All efforts to address what was described as a culture of bullying at NHS Lothian are of course welcome.
It has been a major issue for the health board and one which the chief executive is determined to address.
But when it comes to the new “values” which have been produced for staff . . . well, we have to question their value.
There is absolutely nothing wrong with having a code of practice for staff – indeed, it should be encouraged.
The vast majority of NHS Lothian’s dedicated workforce may raise an eyebrow at being told to be compassionate – it is really a prerequisite for the job – but they are unlikely to mind.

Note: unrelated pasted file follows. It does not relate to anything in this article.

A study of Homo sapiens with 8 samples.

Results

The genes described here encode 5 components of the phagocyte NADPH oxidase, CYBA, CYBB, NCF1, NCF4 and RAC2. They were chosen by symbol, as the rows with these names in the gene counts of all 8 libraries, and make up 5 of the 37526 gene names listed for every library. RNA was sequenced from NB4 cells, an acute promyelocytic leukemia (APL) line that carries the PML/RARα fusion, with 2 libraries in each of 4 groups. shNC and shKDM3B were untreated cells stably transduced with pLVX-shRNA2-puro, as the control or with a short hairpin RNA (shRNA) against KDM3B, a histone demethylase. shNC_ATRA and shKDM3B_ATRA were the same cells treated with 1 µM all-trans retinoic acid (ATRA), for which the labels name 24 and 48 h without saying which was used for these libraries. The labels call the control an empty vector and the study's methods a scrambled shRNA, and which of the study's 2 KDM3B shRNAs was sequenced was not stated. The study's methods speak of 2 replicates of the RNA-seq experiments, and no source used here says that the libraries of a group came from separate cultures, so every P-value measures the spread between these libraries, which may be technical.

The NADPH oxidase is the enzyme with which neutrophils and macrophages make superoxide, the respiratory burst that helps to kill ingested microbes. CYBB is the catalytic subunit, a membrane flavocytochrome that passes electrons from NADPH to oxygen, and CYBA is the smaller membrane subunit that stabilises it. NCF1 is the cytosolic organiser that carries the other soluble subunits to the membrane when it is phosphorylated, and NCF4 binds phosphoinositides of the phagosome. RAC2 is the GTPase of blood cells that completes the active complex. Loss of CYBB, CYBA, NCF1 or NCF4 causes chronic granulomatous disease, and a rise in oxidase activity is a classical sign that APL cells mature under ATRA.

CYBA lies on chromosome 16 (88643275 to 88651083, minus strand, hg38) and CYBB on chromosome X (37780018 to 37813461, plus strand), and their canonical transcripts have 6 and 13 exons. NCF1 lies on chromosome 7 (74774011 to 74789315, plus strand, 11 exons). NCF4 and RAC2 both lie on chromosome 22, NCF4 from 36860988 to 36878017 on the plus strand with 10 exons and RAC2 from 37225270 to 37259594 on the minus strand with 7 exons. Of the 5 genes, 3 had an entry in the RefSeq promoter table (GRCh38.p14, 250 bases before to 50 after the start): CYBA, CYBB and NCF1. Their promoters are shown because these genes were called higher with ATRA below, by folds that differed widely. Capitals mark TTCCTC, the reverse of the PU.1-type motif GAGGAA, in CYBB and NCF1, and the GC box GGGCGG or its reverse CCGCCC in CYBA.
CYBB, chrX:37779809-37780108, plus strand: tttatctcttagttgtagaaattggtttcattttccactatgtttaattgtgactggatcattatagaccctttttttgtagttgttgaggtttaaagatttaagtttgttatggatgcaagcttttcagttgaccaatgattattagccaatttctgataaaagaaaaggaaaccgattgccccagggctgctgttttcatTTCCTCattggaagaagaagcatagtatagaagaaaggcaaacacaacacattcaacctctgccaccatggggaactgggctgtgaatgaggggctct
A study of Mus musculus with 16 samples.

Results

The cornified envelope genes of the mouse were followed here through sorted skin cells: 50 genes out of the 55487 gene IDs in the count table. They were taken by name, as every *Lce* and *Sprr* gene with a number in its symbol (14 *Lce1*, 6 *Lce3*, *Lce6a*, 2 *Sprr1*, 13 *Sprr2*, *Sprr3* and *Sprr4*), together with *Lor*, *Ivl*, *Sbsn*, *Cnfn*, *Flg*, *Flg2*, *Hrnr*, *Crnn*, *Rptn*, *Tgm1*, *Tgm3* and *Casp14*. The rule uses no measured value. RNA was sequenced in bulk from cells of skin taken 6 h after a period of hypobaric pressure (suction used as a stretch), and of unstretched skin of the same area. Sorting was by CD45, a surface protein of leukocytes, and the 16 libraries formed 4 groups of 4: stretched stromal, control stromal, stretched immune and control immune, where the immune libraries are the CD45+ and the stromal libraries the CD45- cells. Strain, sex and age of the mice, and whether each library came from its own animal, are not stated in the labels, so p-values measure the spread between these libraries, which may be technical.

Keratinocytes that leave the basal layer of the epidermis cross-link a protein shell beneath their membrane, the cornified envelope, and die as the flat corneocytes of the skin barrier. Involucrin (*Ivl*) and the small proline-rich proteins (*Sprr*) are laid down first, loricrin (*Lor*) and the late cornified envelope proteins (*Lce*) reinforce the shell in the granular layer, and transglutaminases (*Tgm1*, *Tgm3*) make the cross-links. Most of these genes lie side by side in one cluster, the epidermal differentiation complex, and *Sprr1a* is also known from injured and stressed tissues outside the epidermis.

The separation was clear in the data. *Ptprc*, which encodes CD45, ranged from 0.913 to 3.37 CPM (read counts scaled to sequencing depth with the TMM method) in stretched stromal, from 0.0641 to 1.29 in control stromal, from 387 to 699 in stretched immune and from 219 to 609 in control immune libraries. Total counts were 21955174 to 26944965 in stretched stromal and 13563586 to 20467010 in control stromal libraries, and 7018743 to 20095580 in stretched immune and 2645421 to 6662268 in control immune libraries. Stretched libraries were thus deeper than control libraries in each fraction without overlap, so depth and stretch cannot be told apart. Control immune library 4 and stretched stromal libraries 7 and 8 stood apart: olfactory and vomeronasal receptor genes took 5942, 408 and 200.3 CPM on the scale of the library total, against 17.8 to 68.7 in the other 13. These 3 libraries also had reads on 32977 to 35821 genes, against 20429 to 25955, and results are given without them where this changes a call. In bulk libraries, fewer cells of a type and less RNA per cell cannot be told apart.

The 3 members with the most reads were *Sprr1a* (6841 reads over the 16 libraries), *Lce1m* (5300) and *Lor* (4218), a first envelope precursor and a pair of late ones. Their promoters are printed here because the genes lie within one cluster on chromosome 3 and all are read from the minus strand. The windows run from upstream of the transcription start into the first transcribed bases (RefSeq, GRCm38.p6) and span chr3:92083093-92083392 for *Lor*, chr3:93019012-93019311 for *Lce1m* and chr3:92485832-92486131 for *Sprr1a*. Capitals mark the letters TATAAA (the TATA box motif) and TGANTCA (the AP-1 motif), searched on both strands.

What is more likely to raise their ire is the ridiculous instruction not to moan.
Staff on the front line may well gripe about this and with good reason. The bullying probe which sparked all this work was after all nothing to do with them.
As they are forced to work long hours for never-enough pay in increasingly difficult conditions, no-one would begrudge them a grumble.
The problems existed in management and it is for the management to put right. Maybe spending more time listening to the moans of staff would be a start.
New sauna policy?
It is time for Scotland’s new single force to give some clarity around the issue of saunas in Edinburgh. Upon taking office, Chief Constable Steve House said there would be scope for local solutions to local problems. It seemed as if Edinburgh’s “Don’t ask, don’t tell” approach to sex would continue. Now, after a series of raids, six saunas have had licences suspended. Are we moving towards a new policing strategy. Mr House should tell us now.